For many marketers, understanding key demographics—such as age, gender, and income bracket—when developing a marketing campaign or program is considered an essential element in ensuring success.
However, over the course of my 20-plus years as a restaurant marketing and public relations professional, I have found that reliance on standard demographics can actually hinder a company’s marketing efforts for a number of reasons.
Admittedly, I used to be a by-the-book marketer who analyzed the demographic data and crunched numbers in an attempt to find the right target audience for my brand. It was not until I joined Tijuana Flats Tex-Mex that I shifted focus from the biological or economic traits of my audience and began to focus on the personality, likes, interests, and overall attitude of the various types of people we welcome in our restaurants.
If you are a marketing executive who might consider a shift away from a reliance on demographics, here are a few key reasons why a new approach to identifying audiences might be a smart marketing strategy for your brand:
• When you focus on attitude and personality, you will find that your “ideal” customers span multiple generations: One of the most common efforts in today’s marketing climate is targeting audiences by age group, especially Millennials (individuals who reached adulthood around the turn of the 21st century.) At Tijuana Flats, our most loyal guests span age groups from 4 years old to 65 and up. Had we focused on traditional demographics in our past and present marketing efforts, we could have missed the opportunity to cater to one of these groups.
• Identifying a certain type of person for your brand leads to a larger and more loyal customer base: Like any good relationship—and you are in a long-term, committed relationship with your customers—loyalty is earned through the existence of respect and trust. When your core customer base consists of like-minded individuals, rather than individuals who are the same gender or age, building trust through the right marketing initiatives is a much simpler, targeted, and potentially less expensive effort and can definitely lead to a larger and more loyal customer base. For example, Tijuana Flats does not shy away from its brand personality, which is characterized as a loveable, smart-ass best friend who always tells it like it is, but is the first person to have your back. As such, we embrace the creativity and somewhat snarky attitude. We realize that not everyone will like our sense of humor or innuendos—and that is OK.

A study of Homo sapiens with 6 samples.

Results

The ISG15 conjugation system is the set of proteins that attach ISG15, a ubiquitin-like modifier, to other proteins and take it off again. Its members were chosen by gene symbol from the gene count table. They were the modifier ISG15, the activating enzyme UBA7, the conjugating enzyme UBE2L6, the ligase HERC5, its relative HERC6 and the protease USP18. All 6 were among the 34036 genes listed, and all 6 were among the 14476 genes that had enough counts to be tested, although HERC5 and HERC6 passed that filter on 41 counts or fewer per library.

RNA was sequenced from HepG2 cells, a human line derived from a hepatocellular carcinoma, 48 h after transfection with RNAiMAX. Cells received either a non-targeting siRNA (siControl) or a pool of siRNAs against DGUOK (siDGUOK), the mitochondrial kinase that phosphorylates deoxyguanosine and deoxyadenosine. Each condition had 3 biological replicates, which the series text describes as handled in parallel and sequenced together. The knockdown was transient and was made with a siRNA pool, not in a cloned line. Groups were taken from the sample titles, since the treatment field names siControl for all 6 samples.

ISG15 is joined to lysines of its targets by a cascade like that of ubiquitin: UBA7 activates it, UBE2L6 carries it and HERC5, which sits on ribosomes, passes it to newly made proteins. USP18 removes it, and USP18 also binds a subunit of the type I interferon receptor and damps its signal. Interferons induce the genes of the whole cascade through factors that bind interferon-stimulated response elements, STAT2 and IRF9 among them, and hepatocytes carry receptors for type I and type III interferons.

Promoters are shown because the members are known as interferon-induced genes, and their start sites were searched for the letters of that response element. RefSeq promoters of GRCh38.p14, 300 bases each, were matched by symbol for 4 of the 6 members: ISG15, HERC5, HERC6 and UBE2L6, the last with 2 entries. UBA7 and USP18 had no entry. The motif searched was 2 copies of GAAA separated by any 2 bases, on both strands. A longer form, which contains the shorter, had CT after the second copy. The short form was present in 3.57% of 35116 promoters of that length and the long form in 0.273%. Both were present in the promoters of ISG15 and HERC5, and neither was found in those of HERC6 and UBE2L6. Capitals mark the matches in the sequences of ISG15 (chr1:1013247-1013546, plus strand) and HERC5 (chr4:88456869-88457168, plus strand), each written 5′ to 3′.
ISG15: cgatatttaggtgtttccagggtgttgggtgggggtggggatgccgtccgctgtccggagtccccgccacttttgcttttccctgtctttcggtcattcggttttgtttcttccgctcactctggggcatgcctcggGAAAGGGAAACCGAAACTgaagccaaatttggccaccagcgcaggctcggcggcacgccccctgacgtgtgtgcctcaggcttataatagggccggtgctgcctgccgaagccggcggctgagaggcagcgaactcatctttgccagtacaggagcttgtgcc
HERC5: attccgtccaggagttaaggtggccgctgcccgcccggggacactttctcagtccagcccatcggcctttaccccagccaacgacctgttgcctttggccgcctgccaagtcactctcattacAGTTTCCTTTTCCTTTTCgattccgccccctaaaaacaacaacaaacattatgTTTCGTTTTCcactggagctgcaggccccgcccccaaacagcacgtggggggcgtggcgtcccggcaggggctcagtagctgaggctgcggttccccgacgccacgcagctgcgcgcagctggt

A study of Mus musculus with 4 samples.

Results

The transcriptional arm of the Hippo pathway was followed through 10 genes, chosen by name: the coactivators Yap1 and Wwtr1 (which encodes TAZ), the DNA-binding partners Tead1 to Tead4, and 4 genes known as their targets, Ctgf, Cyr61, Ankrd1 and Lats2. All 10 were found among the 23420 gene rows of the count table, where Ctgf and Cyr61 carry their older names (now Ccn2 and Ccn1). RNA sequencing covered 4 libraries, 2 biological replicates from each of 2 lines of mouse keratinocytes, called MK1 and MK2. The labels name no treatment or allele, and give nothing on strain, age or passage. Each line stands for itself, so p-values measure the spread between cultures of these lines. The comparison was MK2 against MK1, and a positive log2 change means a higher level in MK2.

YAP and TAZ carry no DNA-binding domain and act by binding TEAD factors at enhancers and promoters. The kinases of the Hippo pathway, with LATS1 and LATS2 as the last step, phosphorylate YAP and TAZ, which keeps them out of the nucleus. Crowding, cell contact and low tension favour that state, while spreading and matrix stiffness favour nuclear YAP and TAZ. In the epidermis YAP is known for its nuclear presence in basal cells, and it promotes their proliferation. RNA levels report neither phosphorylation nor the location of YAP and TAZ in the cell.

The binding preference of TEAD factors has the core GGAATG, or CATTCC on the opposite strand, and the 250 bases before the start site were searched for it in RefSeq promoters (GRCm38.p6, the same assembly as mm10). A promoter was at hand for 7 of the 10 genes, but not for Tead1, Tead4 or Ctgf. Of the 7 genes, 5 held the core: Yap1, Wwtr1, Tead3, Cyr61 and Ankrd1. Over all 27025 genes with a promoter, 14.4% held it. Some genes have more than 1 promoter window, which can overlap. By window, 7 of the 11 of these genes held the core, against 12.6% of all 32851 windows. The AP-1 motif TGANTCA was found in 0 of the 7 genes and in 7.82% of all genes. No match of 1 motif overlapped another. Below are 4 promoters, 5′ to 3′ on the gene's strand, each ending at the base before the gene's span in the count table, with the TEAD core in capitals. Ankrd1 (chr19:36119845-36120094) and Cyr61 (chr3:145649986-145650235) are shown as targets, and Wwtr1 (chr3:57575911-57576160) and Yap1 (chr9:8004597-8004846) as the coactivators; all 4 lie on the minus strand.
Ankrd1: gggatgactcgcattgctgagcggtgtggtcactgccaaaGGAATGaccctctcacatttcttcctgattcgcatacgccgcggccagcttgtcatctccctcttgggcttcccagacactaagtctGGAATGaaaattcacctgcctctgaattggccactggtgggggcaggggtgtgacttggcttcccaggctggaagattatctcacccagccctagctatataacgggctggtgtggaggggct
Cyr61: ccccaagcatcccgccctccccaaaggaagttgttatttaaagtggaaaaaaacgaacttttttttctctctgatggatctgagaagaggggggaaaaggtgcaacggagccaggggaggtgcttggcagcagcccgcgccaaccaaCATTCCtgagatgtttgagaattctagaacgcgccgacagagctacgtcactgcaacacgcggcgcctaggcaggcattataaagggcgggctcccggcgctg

• Chasing after a certain demographic means you have to constantly reinvent yourself: This does not mean that your brand will never evolve, but it does mean that your brand can remain true to itself and only change because it is the right decision to do so, not because it is what a specific demographic is expecting. For example, too many companies focus on appearing “young” or “hip,” and it often leads to marketing efforts that are not aligned with the actual brand, which in turn can alienate your current brand followers.
• The types of people you target externally can lead to finding the right people internally: People are most important to the success of any brand. A brand’s presence is only as good as the team behind it. If a company is focused solely on the hard data, it may be more difficult for them to identify team members who can take marketing efforts to a new level. Every aspect of your external brand should be reflective of your internal team.
The most important factor for any marketer who is rethinking demographics is to truly understand one’s customers on a personal level—who they are, why they come to you, why they like you, what makes them tick, etc. Listen closely to what the guests are saying. Once you have accomplished this, moving beyond demographics is an easy transition and one worth making.